AI Reflections After Getting Lots of Feedback


Written By Tela Gallagher Mathias , COO and Managing Partner, PhoenixTeam

I’ve been doing a lot of feedback sessions for Phoenix Burst (www.phoenixburst.ai), which is a passion product for me. To date, we’ve been really focused on moving left to right across the product development lifecycle – meaning from the “concept” end of “concept to cash”. We’ve wanted to really understand the limits of generative technology for analyzing, decomposing, and improving existing knowledge bases so that we could create the core artifacts of software development – requirements, user stories, acceptance criteria, test cases, and synthetic test data. Basically the “write requirements” and “test solution” part of Figure 1.

One of the prevailing feedback themes has been along the lines of:

“That’s nice and all, but what about when I need to make modifications to an existing system? So much of what we do is to improve or adapt systems we already have. When I look in my backlog, at least half the user stories have nothing to do with our goals, what are you doing about THAT?”

What a great question, and I am glad that so many of you have echoed that sentiment.  Having been in the software business for 25 years, I’ve thought a lot about this problem, and have seen this problem in action many times. I have delivered some very valuable software – call it an 11 on a scale of one to ten. I have also delivered some software that was kind of meh – maybe a six of ten. And then there’s all the bad ideas and semi-built software that never made it to market for whatever reason.

I’ve had two great pivots in my product management philosophy. The first was when I attended a course taught by Marty Cagan in New York after his first book was published. The next was attending a large-scale scrum (LeSS) class taught by Gene Gendel. Marty’s class completely altered my thinking about how a product team should be organized and what the role of the product manager was. It taught me the true definition of minimum viable product (MVP) and opened my eyes to hypothesis testing. Honestly, it made me very depressed. I had been thinking about it all wrong for so far too much of my career. It took me about six months to really digest what it meant to me and my industry.

Gene’s class taught me that many of our delivery problems in software are organizational in nature, and, therefore, very difficult to solve. It also forced me to really understand and be able to take apart the systems we use to create software products, and to uncover the levers we can pull to improve outcomes. Also, very depressing since I do not control the budget or budget decisions for any of my customers. That makes it hard, almost impossible in fact, to address the organizational problems.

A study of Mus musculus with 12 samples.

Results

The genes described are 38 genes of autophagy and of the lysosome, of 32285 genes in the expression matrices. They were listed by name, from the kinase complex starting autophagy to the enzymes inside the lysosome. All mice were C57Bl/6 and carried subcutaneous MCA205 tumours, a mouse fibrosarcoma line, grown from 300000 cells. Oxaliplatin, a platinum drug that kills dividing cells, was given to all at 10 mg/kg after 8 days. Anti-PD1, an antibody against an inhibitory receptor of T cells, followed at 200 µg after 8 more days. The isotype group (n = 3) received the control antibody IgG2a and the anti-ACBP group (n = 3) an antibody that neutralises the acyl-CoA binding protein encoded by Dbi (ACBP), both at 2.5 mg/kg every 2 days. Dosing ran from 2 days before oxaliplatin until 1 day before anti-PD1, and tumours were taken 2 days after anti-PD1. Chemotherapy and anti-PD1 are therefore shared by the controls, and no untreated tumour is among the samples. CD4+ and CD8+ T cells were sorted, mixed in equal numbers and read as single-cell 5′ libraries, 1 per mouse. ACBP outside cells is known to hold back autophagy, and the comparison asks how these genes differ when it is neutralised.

So that was a tough couple of years, but I digress. In any event, I’ve concluded that there is no one size fits all. For me, my business, and my customers, it’s more important that I meet them where they are and apply the best approach that has the best chance of creating better outcomes. Sometimes these are small gains and sometimes these are huge gains, but I am less depressed about the situation than I used to be.

So, what do all my customers have in common? They have goals. They also have systems they want to retire, replace, modernize, or otherwise improve. So, they all generally have goals and systems. And they also all want the same thing – they want their goals to be met by their system. Simple enough. Figure 2 shows what customers want.

Unfortunately, it can be devilishly difficult to know if our systems are meeting our goals. And it is even harder to prove that the goal was met. Also, as we’ve covered before, it takes too long and it’s too expensive. Generally, the process doesn’t look like Figure 2, it looks more like Figure 3, with myriad twists and turns, onramps and offramps. It gets very murky trying to get from my goal to my system. I’ll call this the murky middle.

Generally, there is not a direct line from goal to system and system back to goal, it gets lost in the murky middle. We do not know how much of our system is valuable. We do not know which parts are valuable and which parts are not. We are unable to easily quantify the potential impact of a change. We do not know which thing in our backlog will be the most valuable if we prioritize it.

The murky middle is the messy part of software development, it’s where those artifacts we’ve figured out how to generate in Phoenix Burst come into play. That got me thinking – if everyone has goals, and everyone has systems, what if we generate the requirements from the existing systems, generate the value propositions from the goals, and then see if they match up? That would allow us to determine if our systems are meeting our goals. By extension, it might allow us to determine the value of a change, we could probably even use this process to look at our backlog and find the most valuable things in it. How cool would that be? Cooler than cool. THAT would be a giant leap forward in our goal to make making software not suck. Or at the very least, it would tell us if the software we made sucked.

So that’s our next experiment. I hope you’ll get in touch if any of this resonates, and I’ll let you know what we figure out.